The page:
Occupational code uniformity suggested to assist industy in identifying whether insurance is legit
Many of the FACE reports provide a great amount of detail, but this report is the only one that provides the employer's classification: SIC 1799 / NAICS 2359.
The company was identified by the FACE investigator as a tower erection/repair company, and perhaps their insurance premium was based upon those activities. However, there are a great amount of contractors that are using the SIC 1799 (Special Trade Contractors, Not Elsewhere Classified), but obtaining insurance policies under such professions as Ornamental Iron Work.
Then there are the companies that will use other SIC codes such as Radio Telephone Communications and Fabricated Structural Metal. Their singular intent is to get insurance coverage at greatly reduced prices.
Granted, most carriers will probably identify at some point that they are in a higher risk profession, and back charge their premium, but many others skate free for many years.
There is certainly no correlation to identify that if they cheat on their insurance coverage that they will deceive themselves that it's okay to cut corners on safety, but there may be some credibility to that concern.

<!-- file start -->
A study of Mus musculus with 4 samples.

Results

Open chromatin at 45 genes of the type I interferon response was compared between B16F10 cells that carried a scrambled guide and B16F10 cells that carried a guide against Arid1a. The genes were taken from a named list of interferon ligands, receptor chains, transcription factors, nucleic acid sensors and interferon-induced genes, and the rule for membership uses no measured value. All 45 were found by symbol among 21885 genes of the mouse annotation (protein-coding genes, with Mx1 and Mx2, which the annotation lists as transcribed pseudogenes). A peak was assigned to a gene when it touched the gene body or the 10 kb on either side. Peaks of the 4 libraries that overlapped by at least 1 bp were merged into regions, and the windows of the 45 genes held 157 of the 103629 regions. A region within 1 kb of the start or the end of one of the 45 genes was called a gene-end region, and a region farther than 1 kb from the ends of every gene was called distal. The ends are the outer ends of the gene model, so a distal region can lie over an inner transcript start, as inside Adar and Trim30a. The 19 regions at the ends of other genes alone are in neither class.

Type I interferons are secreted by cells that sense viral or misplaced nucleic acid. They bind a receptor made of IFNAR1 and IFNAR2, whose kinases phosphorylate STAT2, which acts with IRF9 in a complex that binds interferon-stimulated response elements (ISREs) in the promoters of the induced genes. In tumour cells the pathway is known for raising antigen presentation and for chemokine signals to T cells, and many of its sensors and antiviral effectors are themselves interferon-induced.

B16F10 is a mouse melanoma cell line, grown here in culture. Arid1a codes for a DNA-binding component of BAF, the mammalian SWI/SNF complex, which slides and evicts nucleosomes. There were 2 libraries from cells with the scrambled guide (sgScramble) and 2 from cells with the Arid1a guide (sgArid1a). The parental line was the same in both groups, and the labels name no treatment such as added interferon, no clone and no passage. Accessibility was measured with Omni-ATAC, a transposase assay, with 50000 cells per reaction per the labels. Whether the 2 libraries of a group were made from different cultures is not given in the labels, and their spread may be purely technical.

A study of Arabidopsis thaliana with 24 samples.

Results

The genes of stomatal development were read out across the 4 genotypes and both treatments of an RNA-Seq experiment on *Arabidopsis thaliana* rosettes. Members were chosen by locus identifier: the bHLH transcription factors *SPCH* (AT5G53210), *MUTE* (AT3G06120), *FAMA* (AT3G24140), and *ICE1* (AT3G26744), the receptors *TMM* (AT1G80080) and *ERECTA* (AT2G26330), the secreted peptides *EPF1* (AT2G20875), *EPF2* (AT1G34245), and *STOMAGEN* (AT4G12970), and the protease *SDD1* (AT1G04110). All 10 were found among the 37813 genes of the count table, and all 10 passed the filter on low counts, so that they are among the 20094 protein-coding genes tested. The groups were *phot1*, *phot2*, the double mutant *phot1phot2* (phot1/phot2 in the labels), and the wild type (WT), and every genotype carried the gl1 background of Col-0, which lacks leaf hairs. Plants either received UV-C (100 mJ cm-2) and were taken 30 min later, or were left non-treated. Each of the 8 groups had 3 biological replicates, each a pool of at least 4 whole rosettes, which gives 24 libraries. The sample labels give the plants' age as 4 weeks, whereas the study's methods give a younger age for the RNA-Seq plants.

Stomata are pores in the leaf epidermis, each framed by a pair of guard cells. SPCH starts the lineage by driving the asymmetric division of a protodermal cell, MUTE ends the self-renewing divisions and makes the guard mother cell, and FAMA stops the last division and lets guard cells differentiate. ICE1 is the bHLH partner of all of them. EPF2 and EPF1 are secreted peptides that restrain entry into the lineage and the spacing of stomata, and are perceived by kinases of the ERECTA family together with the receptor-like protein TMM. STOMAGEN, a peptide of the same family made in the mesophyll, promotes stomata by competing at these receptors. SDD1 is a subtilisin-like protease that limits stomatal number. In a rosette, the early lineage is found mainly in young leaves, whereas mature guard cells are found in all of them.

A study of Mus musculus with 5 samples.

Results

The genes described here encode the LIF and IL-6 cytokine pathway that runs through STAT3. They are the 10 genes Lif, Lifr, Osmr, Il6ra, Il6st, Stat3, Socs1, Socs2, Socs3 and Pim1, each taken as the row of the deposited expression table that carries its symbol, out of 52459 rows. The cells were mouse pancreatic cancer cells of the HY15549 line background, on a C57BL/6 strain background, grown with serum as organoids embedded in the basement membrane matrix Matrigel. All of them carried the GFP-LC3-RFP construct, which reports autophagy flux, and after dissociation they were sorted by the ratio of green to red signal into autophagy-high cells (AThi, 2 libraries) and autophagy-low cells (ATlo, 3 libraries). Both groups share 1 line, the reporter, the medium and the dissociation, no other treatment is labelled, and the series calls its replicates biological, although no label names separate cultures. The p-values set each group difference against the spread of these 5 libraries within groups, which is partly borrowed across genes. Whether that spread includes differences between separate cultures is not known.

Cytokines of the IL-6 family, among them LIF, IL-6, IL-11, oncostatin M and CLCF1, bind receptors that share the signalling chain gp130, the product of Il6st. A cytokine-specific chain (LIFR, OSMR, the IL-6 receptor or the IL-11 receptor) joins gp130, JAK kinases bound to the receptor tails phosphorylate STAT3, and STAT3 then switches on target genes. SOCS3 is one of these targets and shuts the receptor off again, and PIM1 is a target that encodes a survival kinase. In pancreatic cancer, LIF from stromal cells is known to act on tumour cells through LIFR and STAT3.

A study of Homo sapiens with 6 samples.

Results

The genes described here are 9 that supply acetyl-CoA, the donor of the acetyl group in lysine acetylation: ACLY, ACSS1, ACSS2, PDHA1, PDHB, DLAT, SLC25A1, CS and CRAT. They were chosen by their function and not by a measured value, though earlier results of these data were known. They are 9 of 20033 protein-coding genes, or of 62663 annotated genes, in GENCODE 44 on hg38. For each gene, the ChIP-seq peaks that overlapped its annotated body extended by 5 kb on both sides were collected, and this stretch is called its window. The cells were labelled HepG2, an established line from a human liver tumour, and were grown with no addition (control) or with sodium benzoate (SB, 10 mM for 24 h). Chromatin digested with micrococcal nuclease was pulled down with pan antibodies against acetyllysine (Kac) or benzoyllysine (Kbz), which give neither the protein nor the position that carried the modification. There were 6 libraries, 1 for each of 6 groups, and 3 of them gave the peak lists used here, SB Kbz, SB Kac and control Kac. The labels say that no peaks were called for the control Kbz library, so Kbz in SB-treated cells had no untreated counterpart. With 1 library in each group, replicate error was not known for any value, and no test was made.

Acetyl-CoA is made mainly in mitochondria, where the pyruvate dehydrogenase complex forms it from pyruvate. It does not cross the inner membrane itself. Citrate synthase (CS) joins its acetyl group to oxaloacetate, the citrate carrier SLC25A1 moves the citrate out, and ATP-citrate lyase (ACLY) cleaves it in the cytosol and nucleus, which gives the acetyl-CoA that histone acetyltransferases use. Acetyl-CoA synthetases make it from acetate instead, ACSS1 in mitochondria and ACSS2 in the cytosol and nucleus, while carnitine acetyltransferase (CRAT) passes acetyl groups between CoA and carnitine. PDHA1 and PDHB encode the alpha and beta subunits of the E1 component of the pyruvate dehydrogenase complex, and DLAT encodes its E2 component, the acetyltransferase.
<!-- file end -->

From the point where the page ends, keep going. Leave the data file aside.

The North American Industry Classification System (NAICS) is replacing the U.S. Standard Industrial Classification System (SIC), and groups companies into 20 broad sectors, up from the 10 division of the SIC system.
It would be great if industry associations and insurance carriers could lobby for a NAICS code for Tower Erectors. Not only would it help the actuaries obtain a better accounting of the number of injuries and fatalities within the industry, but it would assist in keeping a more competitive contracting environment.
Many subcontracted companies will present their ACCORD form to their client with the proper levels of coverage. However, it doesn't identify if the company has the coverage for blasting and painting a 1,000' broadcast tower or if their insurance carrier believes they are painting a two-story Cape Cod.